Boris Johnson’s suspension of parliament was unlawful, UK Supreme Court rules

The British Prime Minister had his decision to suspend parliament thrown out of the window by a unanimous judgment of the Supreme Court

The Supreme Court rules Boris Johnson's proroguing of parliament was unlawful
The Supreme Court rules Boris Johnson's proroguing of parliament was unlawful

The British parliament can meet again after the Supreme Court quashed Boris Johnson’s decision to suspend the House of Commons.

The decision to prorogue parliament for five weeks was ruled unlawful by 11 justices who make up the Supreme Court.

"The prorogation was void and of no effect," Lady Hale said. "Parliament has not been prorogued."

Lady Hale continued that the speakers of the Houses of Commons and Lords "can take immediate steps to enable each house to meet as soon as possible".

It is for Parliament to decide what to do next, she added.

The ruling represents another blow for Johnson who only a few weeks ago lost a vote in parliament asking for a general election to be held in October.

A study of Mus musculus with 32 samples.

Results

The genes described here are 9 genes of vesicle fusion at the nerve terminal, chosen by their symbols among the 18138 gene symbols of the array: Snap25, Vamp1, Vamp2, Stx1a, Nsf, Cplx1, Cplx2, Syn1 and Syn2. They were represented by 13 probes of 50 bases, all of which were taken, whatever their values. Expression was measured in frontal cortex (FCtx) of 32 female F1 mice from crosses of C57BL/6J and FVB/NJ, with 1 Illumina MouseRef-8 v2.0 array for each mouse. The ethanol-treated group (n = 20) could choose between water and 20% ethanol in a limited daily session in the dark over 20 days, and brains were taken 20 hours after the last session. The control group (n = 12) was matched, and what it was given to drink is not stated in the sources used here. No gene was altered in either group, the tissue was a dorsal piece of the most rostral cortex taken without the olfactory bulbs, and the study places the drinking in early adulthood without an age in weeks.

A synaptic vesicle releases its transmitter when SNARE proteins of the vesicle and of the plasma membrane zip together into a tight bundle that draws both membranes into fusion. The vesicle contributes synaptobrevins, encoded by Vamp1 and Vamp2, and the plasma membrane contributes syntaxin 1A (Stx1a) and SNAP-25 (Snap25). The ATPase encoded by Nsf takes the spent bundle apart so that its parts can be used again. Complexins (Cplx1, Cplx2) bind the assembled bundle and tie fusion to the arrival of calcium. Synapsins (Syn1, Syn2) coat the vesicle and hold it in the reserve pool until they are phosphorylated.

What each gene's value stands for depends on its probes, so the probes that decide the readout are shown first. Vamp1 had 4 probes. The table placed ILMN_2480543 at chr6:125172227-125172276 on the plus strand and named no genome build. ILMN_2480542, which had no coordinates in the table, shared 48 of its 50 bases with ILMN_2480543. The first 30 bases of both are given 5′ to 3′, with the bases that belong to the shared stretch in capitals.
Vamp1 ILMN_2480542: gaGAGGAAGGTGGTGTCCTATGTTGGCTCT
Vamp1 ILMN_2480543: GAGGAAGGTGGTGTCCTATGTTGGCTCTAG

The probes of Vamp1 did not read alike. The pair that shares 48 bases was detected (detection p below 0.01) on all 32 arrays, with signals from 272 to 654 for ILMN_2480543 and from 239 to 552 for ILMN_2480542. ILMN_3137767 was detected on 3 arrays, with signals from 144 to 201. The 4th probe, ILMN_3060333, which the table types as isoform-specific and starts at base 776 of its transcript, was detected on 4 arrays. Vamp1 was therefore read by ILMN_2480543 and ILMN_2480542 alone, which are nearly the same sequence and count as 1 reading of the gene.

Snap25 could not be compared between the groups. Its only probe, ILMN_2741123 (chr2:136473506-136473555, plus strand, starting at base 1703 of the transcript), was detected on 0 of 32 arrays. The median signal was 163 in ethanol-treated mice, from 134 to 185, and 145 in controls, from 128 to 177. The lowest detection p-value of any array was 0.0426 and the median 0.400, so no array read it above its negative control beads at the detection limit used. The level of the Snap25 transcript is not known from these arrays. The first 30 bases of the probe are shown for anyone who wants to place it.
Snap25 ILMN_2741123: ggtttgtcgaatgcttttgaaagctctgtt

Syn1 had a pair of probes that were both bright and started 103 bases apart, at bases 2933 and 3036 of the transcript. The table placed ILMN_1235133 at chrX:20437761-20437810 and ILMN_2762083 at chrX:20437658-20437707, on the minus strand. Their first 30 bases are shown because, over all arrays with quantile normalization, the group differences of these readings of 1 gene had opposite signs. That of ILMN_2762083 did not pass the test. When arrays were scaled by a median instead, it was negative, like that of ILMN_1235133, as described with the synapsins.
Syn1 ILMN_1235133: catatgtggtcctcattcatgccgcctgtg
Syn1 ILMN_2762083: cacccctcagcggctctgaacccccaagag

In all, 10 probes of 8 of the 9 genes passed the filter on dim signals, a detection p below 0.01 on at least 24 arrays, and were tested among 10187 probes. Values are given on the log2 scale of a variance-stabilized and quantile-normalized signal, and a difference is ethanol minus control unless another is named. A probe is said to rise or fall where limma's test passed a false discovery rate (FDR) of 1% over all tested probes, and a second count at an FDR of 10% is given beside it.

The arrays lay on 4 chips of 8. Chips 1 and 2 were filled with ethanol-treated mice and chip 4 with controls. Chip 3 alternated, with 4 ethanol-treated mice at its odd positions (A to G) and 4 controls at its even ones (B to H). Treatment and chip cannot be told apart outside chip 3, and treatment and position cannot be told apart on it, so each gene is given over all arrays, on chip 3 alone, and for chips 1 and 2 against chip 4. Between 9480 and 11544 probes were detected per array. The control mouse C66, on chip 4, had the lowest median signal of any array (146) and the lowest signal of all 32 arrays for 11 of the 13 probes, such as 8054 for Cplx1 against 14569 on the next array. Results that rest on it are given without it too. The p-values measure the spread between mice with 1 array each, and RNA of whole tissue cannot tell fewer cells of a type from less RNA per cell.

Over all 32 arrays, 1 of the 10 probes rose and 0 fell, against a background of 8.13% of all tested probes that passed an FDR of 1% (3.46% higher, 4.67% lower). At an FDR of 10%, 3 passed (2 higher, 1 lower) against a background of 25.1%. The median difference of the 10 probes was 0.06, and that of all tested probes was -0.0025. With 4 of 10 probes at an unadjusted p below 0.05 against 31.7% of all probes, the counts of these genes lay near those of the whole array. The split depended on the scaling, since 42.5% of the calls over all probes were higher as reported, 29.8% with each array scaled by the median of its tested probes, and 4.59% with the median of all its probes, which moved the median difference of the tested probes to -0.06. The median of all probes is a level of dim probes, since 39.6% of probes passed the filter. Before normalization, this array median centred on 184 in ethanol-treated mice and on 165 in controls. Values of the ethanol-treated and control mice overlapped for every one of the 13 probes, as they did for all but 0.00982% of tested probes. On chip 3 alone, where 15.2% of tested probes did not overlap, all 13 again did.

Johnson’s move to suspend parliament was widely interpreted as an attempt to stave off any parliamentary attempts to block Brexit on 31 October.

That interpretation has now been confirmed by the UK’s highest court that ruled the prorogation was unlawful.

The UK is scheduled to leave the EU on 31 October, with or without a deal, unless the country asks for an extension.

The British parliament has voted to tie the prime minister’s hands and ask for an extension to the Brexit deadline if no deal is reached with the EU by 14 October. The motion was backed by conservative rebel MPs, who were subsequently kicked out of the party as a result of their actions.

The latest development leaves Johnson in a precarious situation, with no crucial decision taken to date since becoming Conservative Party leader, taking effect.